S6: biochemical effects of organophosphate flame retardants
Bioaccumulation, biotransformation and biochemical effects of organophosphate flame retardants in the tissues of adult zebrafish (Danio rerio)
School of the Environment, Nanjing University
Ph D, Professor
Organophosphate flame retardants (OPFRs) have been used in varieties of industrial and consumer products as additive flame retardants. Many of these OPFRs are easily released to water ecosystems via weathering, erosion, leaching and/or abrasion. Although OPFRs have been detected in many of aquatic organisms, relatively little is known regarding their potential accumulation, metabolism, and adverse health effects on aquatic life. The main objective of this research was to determine the tissue specific accumulation, transformation, and potential biochemical effects of seven typical OPFRs (tripropyl phosphate (TPP), tributyl phosphate (TNBP), tris (2-butoxyethyl) phosphate (TBOEP), tris(2-chloroethyl) phosphate (TCEP), tris(1,3-dichloro-2-propyl) phosphate (TDCPP), triphenyl phosphate (TPHP), and tricresyl phosphate (TCP)) in fish.
Zebrafish (Danio rerio) were exposed to three concentrations (0, 1/150 LC50 (environmentally relevant level), and 1/30 LC50 per OPFRs congener) of the 7 OPFR mixtures in the laboratory for 19 days, followed by 3 day depuration, to examine the tissue specific accumulation parameters and potential biotransformation of OPFRs in fish. Half-lives (t1/2’s) of the OPFR congeners (e.g., TPHP and TCP) were much lower than that estimated on their Kow, which was likely due to biotransformation via hydrolysis and oxidative hydroxylation. Both bioconcentration factor (BCF) with wet weight (ww) and normalized with lipid weight (lw) showed significant correlation with the octanol-water partition coefficient (Kow). The BCF values were significantly affected by the lipid content of the tissues and the metabolism in liver. A physiologically based toxicokinetic (PBTK) mode was used to analyze the bioaccumulation data in zebrafish, which showed obvious effects of transformation on the accumulation of OPFRs in liver. The metabolism pathways of OPFRs in zebrafish were elucidated, which included hydrolysis, hydroxylation, and hydroxylation followed by glucuronic acid conjugation. Quantification of the main metabolites in the selected tissues showed that higher amounts of metabolites, even 1.0 to 2.2 times of parent OPFRs (eg., TDCPP and TPHP), were detected in liver and intestine.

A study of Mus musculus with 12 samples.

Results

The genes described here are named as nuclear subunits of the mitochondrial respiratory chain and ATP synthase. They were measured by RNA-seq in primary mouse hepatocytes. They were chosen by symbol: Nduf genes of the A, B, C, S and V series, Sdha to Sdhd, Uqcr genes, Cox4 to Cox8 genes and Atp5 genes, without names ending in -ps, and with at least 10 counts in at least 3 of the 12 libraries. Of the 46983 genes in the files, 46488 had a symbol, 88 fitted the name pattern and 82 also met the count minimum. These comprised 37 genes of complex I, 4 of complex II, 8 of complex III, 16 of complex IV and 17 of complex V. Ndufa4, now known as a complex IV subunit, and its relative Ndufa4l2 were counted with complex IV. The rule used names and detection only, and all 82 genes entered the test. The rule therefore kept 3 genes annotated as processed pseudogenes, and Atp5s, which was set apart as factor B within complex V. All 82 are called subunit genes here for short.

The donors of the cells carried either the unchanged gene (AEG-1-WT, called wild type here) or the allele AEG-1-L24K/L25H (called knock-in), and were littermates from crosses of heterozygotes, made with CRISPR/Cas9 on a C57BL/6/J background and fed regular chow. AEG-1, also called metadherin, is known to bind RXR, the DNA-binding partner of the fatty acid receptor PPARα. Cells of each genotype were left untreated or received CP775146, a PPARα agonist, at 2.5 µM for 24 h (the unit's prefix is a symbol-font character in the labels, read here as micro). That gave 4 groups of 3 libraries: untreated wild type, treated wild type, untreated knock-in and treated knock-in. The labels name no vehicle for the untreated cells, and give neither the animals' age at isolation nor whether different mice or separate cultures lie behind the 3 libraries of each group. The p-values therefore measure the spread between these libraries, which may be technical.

Acetyl cholinesterase activity (AchE) in brain and carboxylesterase activity (CesE), glutathione transferase (GST), CYP 1A enzyme activity (measured as ECOD) and phosphotriesterase (measured with ethyl paraoxon) in liver were varied significantly among diffident OPFR exposure groups throughout the experiment. Significant inhibition on the CesE was showed in all the OPFRs-exposed fish, and significant up regulation of the ECOD and GST activities were observed in TBOEP and TDCPP exposed fish after 12 days in 1/10 LC50 concentration, suggesting that OPFRs may influence lipid metabolism and physiological activity at levels higher than what is normally found in the environment. These results provided important information for the understanding of the metabolism, disposition, and toxicology of OPFRs in aquatic life. This research was supported by the National Natural Science Foundation of China (21377050).